For Yvonne Slee, being an Australian Romani isn’t just a label, but a way of life.
Music, food, music and family are the centre of her and her families’ lives. And like her family before her, she too travels as a way to keep that culture alive for her children.
“When we lived in Brisbane, we always took a Romani information board to the markets. I've done lots of activism and written a book called Torn Away Forever about my Sinti grandmother and her stories,” explains Slee, the president of the Sinti-Romani Organisation in Queensland.
“I moved all over Australia to promote our culture with different Romani groups.”
“I tell my kids the stories that my grandmother told me, so that know where they came from."
Romani - or gypsy - are part of a 1000-year-old culture that originated in India but later migrated to Europe, where they became known for their large families, travelling and nomadic lifestyles. While the European branch - where they are reportedly the most disadvantaged minority group - is the best known, there is a small but enthusiastic Roma population in Australia.
Slee moved to Australia from her native Germany 12 years ago with her husband and brought her proud Roma culture with her. The family has moved to many parts of Australia, in part because of her husband’s job, but also to seek out other Australian Romani.
“We came out looking for other Romani groups but they were hard to find, so we went to Melbourne and we found a Macedonian woman there, then we went to Adelaide - my eldest son went to school there for a while,” she explains. “We went to Cairns, did a Romani exhibition there, then Perth, where we met Romani, too. We visited Coffs Harbour and I did school talks there and more information boards at markets.”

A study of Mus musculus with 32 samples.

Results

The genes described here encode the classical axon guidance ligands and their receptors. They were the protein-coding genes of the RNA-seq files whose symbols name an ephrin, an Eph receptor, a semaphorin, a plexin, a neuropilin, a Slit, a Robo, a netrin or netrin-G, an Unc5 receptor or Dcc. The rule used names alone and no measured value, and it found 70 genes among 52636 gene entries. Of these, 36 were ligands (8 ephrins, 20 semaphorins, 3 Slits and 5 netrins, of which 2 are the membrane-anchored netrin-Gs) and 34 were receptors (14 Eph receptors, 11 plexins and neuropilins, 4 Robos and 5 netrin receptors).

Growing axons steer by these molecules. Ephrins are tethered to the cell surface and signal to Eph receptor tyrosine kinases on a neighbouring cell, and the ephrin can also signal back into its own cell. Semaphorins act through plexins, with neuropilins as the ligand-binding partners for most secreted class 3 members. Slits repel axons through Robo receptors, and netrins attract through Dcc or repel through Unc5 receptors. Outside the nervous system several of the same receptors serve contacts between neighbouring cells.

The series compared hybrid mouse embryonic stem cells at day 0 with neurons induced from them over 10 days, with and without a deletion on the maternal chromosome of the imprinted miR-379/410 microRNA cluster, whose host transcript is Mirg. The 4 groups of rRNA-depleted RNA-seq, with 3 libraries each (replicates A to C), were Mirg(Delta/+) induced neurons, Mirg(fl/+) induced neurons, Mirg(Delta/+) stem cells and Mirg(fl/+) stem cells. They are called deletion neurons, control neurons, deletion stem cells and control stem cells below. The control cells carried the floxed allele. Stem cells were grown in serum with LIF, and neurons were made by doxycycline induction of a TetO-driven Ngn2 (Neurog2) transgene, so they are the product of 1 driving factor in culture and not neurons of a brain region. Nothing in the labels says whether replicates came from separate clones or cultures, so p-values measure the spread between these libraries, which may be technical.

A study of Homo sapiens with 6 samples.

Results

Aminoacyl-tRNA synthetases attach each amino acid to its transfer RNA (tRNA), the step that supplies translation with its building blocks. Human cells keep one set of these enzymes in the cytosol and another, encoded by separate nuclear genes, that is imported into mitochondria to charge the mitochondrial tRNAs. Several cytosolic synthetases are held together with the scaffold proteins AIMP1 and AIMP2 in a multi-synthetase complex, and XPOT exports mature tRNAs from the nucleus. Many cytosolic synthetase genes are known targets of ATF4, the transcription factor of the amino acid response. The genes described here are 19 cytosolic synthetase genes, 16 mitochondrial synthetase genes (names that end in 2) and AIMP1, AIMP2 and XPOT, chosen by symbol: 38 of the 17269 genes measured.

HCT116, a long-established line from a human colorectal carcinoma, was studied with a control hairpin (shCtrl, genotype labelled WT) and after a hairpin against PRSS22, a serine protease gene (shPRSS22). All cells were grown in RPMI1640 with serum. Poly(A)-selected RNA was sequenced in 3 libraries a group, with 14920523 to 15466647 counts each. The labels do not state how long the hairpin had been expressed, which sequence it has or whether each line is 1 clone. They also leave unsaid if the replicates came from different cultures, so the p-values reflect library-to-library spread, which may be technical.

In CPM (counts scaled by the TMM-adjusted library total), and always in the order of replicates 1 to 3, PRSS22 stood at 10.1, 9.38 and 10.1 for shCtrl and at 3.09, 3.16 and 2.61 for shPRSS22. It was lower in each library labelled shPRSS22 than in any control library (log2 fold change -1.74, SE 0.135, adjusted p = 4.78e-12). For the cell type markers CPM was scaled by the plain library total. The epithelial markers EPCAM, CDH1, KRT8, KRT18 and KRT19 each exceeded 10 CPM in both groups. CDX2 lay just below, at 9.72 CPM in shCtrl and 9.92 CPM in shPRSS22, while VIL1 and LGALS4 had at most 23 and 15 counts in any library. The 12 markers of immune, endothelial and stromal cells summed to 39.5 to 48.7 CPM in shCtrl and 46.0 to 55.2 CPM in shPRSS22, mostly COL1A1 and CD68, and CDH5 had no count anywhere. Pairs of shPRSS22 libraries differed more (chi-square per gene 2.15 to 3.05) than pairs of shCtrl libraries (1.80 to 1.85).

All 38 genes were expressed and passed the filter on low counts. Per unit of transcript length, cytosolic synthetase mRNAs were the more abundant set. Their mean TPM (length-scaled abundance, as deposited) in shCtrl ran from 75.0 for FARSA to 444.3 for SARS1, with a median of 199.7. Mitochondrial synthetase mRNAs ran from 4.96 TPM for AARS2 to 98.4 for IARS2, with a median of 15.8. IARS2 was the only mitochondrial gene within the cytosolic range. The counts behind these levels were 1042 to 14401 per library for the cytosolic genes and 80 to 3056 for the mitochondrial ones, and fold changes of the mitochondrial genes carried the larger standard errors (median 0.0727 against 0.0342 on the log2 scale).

“I tell my kids the stories that my grandmother told me, so that know where they came from. I cook a lot of Roma food for them and, like goulash, which has spices it in, I make cabbage leaves and minced meat and rice, and chicken paprika.”
The Romani are probably one of the most misunderstood cultural groups in the world. For many people, the idea of the Roma entails stereotypes of gypsies throwing their babies at hapless tourists in Italy in an effort to steal their wallets and phones.
Slee says these stereotypes are deeply upsetting to the Romani community, who continue to battle discrimination and hostility across much of Europe and misunderstandings in other parts of the world.
Romani in Australia
There is very little data on Australian Romani; we don’t know how many people identify as Romani or practise their culture. It is not known when the first Roma arrived in Australia; some claim that it was as early as the late 18th century, while many migrated after World War II, in which hundreds of thousands of Roma were persecuted and murdered in concentration camps.
However, Slee estimates there are up to 25,000 Romani living in Australia, although that has not been officially verified.
In this vacuum of information, people like Slee are working not just to keep their 1000-year-old culture alive but to replace stereotypes with a real reflection of what being Roma is all about.
“I try to put out information about us, that’s about our food, culture, traditions,” Slee says.
“Our history is so important, some of our traditions go back hundreds of years and we need to preserve them.
“It is our identity; without it, we would be lost.”
Episode three of 'Gypsy Kids: Our Secret World' airs on SBS on Wednesday 21 June at 8.30pm and will be available on SBS On Demand after broadcast.